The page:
North Korea launched “what could be a ballistic missile” into the sea on Tuesday, the latest in a series of missile launches conducted by the communist nation that have raised the alarms of neighboring nations.
The South Korean government called an emergency National Security Council meeting during which it expressed concern over the North’s “short-range missile launch,” according to NPR. South Korea’s military had reported that the projectile was fired from North Korea’s Jagang province, a mountainous region in the north. The missile flew toward the sea off the nation’s eastern coast, South Korean authorities said.
The U.S. Indo-Pacific Command said in a statement that they were aware of the launch and that it “does not pose an immediate threat” to the United States or U.S. allies.
“We are aware of the missile launch and are consulting closely with our allies and partners. While we have assessed that this event does not pose an immediate threat to U.S. personnel or territory, or to our allies, the missile launch highlights the destabilizing impact of the DPRK’s illicit weapons program,” the statement read. “The U.S. commitment to the defense of the Republic of Korea and Japan remains ironclad.”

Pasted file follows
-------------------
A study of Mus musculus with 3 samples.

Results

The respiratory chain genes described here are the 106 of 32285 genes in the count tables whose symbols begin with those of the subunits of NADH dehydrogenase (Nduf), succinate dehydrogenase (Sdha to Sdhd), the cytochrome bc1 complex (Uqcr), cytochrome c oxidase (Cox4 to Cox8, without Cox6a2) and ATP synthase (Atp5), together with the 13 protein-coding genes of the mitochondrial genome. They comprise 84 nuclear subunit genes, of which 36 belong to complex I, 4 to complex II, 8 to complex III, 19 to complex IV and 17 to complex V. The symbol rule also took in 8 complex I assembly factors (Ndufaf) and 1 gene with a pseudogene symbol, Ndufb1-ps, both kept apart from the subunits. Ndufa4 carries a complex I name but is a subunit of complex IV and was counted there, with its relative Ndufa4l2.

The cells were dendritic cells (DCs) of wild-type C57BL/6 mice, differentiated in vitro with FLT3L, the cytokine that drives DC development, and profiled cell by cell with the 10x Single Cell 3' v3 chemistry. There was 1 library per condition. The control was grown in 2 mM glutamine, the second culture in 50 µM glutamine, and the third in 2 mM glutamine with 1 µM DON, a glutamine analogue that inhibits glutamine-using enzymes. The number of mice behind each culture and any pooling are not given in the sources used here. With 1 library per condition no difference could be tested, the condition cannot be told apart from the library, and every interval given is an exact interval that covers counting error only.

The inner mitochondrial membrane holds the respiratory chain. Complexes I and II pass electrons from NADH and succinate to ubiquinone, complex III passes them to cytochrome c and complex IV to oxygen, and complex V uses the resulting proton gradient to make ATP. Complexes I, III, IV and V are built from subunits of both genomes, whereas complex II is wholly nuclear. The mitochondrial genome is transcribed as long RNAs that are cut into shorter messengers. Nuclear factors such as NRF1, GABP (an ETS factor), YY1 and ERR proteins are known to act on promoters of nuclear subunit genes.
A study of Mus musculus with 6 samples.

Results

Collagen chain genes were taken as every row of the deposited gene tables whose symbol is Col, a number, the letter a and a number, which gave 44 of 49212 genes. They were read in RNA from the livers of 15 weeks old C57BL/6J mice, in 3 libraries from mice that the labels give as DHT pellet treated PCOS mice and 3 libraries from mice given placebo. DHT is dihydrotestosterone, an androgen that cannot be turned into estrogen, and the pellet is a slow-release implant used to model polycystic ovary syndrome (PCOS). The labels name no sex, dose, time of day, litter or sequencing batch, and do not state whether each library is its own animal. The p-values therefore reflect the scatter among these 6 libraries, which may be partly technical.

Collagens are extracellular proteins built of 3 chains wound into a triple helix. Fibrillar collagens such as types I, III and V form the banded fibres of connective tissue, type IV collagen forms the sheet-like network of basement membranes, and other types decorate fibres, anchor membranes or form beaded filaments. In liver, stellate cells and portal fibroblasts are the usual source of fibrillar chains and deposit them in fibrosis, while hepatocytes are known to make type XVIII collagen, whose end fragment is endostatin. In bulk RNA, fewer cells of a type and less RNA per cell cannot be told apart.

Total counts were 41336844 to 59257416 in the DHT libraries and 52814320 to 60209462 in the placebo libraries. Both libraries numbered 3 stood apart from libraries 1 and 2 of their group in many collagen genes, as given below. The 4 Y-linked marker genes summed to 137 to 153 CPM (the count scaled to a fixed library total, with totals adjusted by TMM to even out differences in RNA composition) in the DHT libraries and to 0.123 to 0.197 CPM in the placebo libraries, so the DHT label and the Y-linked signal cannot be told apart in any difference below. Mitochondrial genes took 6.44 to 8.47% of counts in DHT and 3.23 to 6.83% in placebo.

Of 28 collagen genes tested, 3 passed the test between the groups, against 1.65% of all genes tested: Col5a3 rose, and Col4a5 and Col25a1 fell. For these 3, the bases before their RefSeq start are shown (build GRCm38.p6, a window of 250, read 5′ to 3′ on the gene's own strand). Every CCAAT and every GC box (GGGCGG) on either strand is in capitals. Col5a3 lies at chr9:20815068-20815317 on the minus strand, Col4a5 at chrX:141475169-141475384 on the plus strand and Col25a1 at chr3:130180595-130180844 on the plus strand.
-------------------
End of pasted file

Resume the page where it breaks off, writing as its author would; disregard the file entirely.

Japanese Prime Minister Yoshihide Suga said his country bolstered its vigilance and surveillance in the wake of the launch, warning North Korea fired “what could be a ballistic missile.”
If it was a ballistic missile, the launch would violate a United Nations Security Council ban on North Korean airborne military activities; however, the U.N. usually doesn’t respond with additional sanctions for short-range launches.
The launch comes just days after Kim Yo Jong, the sister to North Korean communist dictator Kim Jong Un, contacted Seol, South Korea, to facilitate talks between the neighboring nations.
Also on Tuesday, North Korean Ambassador Kim Song said in a speech to the U.N. General Assembly that testing missiles is necessary so that country can develop a “war deterrent” to stave off U.S. threats.
“The possible outbreak of a new war on the Korean Peninsula is contained not because of the U.S.’s mercy on the DPRK, it is because our state is growing a reliable deterrent that can control the hostile forces in an attempted military invasion,” Kim said, referring North Korea by its official name, the Democratic People’s Republic of Korea, or DPRK.
Earlier this month, North Korea launched two more ballistic missiles off the nation’s coast toward Japan, leading Japan’s prime minister to condemn the move as “absolutely outrageous.”
“The firings threaten the peace and safety of Japan and the region and are absolutely outrageous,” said Japanese Prime Minister Yoshihide Suga, according to The Associated Press. “The government of Japan is determined to further step up our vigilance and surveillance to be prepared for any contingencies.”